And then there was the time Daredevil met Uri Geller.
I think we can say now that Geller was simply a very good magician, and not an actual psychic, can't we? We did...we got that memo, right?
Well anyway, in this issue, Unusual Uri would surely give Professor X a run for his money, being painted as a multi-powered mindbender, agreeing to work with DD to track down his hitherto unheard of arch nemesis, bad psychic Mind-Wave.
To be fair, it's no better or worse than any other middle-league superhero book of the time with a lame villain. Geller's like any other guest star, in fact his role could've been ably filled by Doc Strange, as he inevitably talks in that formal, educated way that all mystics in comics do.
Bob Brown & Jim Mooney are both on fine form, while scripter Marv Wolfman falls over himself thinking of ways to amp up Geller's metal bending trick and make it actually be useful in a fight, and it's all perfectly acceptable fun, if a bit odd.
Though DD might've just as well winked at the reader in the last panel, like Superman used to ...
But why did it happen? Here's the letters page from this very issue:
And here's Marv being interviewed in 1997 about this issue by Kuljit Mithra, for his excellent DD fan-site www.manwithoutfear.com:
KM: How much criticism did you get for having him in the comic, since many people consider him to be a fraud?
MW: We received some criticism, mostly from other magicians. The problem was Marvel made a deal with Geller to appear in one of their comics. No writer wanted to do it and since I was editor-in-chief I felt I had to do it. I made his abilities somewhat bigger than life ( this was a Marvel comic, after all ) and handled it like any typical Marvel comic at the time, so whether the real Geller had 'powers' or not wasn't important. It could have been a new character for all I cared. I did like the idea of the Fearsome Think Tank however.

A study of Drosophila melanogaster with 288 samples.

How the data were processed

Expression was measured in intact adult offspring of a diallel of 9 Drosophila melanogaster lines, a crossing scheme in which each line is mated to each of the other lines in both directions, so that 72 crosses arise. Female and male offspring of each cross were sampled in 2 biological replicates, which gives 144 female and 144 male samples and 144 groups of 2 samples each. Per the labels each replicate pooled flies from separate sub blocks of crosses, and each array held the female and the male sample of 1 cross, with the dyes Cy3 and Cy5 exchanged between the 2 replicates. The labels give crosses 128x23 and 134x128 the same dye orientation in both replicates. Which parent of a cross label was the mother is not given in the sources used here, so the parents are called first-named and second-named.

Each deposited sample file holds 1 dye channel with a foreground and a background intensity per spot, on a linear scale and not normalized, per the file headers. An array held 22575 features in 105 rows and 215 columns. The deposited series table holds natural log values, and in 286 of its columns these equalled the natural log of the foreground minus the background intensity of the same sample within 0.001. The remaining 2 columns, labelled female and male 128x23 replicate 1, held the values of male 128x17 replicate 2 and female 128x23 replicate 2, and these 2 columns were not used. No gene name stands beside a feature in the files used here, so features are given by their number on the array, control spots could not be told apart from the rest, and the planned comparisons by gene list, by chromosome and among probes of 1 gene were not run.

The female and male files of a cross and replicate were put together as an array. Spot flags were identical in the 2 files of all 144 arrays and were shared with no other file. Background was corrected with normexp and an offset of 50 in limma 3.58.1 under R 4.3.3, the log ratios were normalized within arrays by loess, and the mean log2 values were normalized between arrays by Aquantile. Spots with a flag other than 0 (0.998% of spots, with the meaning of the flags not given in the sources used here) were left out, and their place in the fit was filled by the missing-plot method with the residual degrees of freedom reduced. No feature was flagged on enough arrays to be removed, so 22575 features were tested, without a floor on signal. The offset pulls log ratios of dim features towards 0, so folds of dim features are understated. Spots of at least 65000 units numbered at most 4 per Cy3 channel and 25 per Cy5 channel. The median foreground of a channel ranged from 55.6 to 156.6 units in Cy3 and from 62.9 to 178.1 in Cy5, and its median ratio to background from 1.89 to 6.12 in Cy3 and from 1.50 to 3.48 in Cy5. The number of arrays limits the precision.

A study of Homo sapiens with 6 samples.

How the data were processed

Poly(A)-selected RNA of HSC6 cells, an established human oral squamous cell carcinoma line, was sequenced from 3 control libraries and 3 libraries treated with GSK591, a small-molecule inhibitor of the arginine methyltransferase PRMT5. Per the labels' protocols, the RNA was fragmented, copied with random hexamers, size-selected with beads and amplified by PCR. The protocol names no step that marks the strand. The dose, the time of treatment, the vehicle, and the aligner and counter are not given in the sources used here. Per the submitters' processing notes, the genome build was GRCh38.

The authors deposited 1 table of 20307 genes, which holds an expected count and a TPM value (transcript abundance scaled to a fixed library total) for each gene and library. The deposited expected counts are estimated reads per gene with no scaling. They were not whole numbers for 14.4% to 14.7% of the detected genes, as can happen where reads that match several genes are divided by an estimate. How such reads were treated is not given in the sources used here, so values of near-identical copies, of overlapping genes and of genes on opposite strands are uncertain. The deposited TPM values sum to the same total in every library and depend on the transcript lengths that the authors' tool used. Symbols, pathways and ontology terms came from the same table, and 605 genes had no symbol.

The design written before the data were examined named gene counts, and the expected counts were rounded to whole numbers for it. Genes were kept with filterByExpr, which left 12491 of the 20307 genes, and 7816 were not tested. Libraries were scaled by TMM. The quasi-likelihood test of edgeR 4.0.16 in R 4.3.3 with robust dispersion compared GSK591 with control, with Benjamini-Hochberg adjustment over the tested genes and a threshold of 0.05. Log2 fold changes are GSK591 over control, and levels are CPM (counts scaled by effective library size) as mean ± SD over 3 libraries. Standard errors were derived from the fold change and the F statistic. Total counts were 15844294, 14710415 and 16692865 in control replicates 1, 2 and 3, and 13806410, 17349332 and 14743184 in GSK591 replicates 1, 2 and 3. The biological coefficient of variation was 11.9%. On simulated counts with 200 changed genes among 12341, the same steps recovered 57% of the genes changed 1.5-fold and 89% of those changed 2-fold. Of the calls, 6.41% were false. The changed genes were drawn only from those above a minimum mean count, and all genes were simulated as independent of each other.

KM: You wrote in that issue that Geller was able to bend your key ( or something to this effect ) and you saw it with your own eyes. Looking back, do you still believe he has powers, or is there a logical answer to how he did it.
MW: Of course it was magic. Magic being some slight of hand manipulation. However, he was wonderful at it, and I have no idea how he did it since I was holding the key and couldn't feel any pressure as he bent it. I also kept the drawing he made based on mine. There was no way he could see what I drew. Now, I know magicians can do this although I don't know how. I never believed he had powers. I believe he was a really good magician. However, again, since this was a contractual deal Marvel made, I couldn't come out in the letter column and say he did a great trick that I couldn't figure out.
So here's the story, see if you can figure out how he does it.
Oh god, and The Torpedo's back next issue. Spare us.